LONDON: Germany's benchmark 10-year Bund yield fell to a two-week low on Thursday as political strife in the United States underpinned demand for safe-haven assets, but there was also a note of caution as focus shifted to the ECB's policy outlook.
The European Central Bank should not wait too long before paring back stimulus once it is convinced that inflation has recovered, and it could in theory raise rates early if necessary, ECB board member Benoit Coeure told Reuters in an interview published on Thursday.
Minutes from the ECB's April meeting are released later in the day, adding a sense of caution to a bond market that saw hefty price gains on Wednesday as political turmoil in Washington stoked concern that US President Donald Trump would delay his plans to cut taxes and raise infrastructure spending.
The US Justice Department, in the face of rising pressure from Capitol Hill that has included the mention of impeachment, on Wednesday named former FBI chief Robert Mueller as special counsel to investigate alleged Russian interference in the 2016 US election and possible collusion between President Donald Trump's campaign and Moscow.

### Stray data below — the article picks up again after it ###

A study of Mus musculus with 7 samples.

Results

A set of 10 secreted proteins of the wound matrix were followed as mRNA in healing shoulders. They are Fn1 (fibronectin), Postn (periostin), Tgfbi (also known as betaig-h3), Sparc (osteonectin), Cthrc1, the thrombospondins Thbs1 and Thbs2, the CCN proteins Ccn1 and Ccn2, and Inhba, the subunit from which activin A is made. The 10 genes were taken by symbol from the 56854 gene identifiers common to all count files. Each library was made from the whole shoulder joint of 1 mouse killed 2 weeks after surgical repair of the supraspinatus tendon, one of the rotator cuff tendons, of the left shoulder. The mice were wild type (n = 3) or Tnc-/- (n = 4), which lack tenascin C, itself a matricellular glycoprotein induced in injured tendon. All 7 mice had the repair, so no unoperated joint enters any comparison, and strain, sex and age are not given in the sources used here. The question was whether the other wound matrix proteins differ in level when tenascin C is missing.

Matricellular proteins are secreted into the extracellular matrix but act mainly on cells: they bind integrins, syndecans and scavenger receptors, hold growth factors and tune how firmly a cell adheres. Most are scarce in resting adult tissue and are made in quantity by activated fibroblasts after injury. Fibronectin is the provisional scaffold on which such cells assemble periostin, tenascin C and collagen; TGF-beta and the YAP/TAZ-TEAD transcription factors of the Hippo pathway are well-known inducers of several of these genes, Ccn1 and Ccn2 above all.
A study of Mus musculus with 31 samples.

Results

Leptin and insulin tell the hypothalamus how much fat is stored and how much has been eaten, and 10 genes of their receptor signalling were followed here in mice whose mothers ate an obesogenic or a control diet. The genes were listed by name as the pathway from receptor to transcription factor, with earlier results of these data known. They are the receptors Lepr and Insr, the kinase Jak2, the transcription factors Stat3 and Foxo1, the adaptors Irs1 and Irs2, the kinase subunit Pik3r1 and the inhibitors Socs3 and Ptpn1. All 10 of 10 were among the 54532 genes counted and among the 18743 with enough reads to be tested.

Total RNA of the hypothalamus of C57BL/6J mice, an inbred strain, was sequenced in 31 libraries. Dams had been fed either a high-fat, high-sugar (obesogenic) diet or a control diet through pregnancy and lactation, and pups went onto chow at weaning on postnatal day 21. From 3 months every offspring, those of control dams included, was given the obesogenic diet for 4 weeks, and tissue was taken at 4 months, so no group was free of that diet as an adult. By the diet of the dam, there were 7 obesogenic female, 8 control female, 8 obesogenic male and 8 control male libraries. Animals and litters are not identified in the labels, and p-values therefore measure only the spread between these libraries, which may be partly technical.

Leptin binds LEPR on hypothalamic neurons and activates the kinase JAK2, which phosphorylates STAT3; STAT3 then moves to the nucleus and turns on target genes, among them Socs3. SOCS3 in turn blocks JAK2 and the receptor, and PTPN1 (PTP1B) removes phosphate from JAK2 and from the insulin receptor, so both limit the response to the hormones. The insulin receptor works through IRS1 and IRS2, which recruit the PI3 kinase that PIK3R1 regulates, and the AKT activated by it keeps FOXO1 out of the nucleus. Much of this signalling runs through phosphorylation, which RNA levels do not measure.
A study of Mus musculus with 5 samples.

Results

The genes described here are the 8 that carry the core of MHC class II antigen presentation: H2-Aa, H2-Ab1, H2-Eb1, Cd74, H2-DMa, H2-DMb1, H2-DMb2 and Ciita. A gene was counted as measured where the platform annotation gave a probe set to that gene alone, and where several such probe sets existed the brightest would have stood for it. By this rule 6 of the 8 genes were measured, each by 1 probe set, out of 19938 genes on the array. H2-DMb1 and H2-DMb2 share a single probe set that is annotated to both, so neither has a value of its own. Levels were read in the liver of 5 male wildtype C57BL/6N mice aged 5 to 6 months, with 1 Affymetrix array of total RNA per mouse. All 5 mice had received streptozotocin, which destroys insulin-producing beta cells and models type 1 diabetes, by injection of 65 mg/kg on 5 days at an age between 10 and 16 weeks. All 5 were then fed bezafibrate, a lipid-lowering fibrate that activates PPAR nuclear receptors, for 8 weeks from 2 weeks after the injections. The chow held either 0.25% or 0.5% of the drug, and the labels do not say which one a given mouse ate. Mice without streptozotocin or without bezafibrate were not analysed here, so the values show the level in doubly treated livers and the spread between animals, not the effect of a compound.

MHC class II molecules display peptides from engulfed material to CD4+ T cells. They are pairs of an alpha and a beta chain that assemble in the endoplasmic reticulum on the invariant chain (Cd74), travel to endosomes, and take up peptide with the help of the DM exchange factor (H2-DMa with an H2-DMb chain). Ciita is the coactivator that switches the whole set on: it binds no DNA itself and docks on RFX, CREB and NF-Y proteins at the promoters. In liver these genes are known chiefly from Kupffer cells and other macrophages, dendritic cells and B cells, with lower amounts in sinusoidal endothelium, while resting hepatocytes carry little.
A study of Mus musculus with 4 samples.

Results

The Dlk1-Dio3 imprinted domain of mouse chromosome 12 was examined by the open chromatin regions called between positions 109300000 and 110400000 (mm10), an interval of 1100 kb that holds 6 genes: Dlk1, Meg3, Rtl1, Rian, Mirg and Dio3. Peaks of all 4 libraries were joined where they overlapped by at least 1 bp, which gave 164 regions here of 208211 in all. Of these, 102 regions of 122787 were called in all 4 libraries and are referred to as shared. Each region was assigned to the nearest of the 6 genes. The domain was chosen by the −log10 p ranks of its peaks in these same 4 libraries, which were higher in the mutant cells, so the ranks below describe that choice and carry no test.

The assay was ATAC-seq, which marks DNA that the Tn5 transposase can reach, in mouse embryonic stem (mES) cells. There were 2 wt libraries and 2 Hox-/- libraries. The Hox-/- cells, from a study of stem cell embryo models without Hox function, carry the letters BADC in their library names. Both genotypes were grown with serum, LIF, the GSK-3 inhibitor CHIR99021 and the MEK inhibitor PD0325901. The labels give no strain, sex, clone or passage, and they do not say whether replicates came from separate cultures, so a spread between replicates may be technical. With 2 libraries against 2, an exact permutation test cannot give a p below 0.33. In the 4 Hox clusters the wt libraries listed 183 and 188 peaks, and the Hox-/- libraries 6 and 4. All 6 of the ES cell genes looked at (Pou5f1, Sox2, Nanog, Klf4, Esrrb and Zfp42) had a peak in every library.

"A general unwinding of Trump reflation trades was reflected across markets yesterday and we could get more of the same today," said Ciaran O'Hagan, a strategist at Societe Generale. "The ECB has the potential to surprise."
Germany's benchmark 10-year government bond yield was down 2 basis points at 0.36 percent, a two-week low.
US Treasury yields were 2 basis points higher , pulling back from one-month lows hit the previous session when the gap between US and German bonds yields narrowed to its tightest level in six months.
Most other euro zone bond yields were flat to a touch lower on the day, pausing after strong falls this week.
Sentiment towards euro zone assets has received a strong boost in the past two weeks as investors move past the French presidential election and focus on efforts to bolster the currency bloc and stronger economic data.
That has also contrasted with political strife in the United States, the world's biggest economy.
In another sign of firm demand for euro zone bonds, institutional investors snapped up 1 billion euros of Italy's new "BTP Italia" bond, maturing in May 2023, in the first 10 minutes of trading on Thursday.
Long-dated bond sales in France and Germany this week have drawn solid demand. France and Spain are due to hold bond auctions later on Thursday.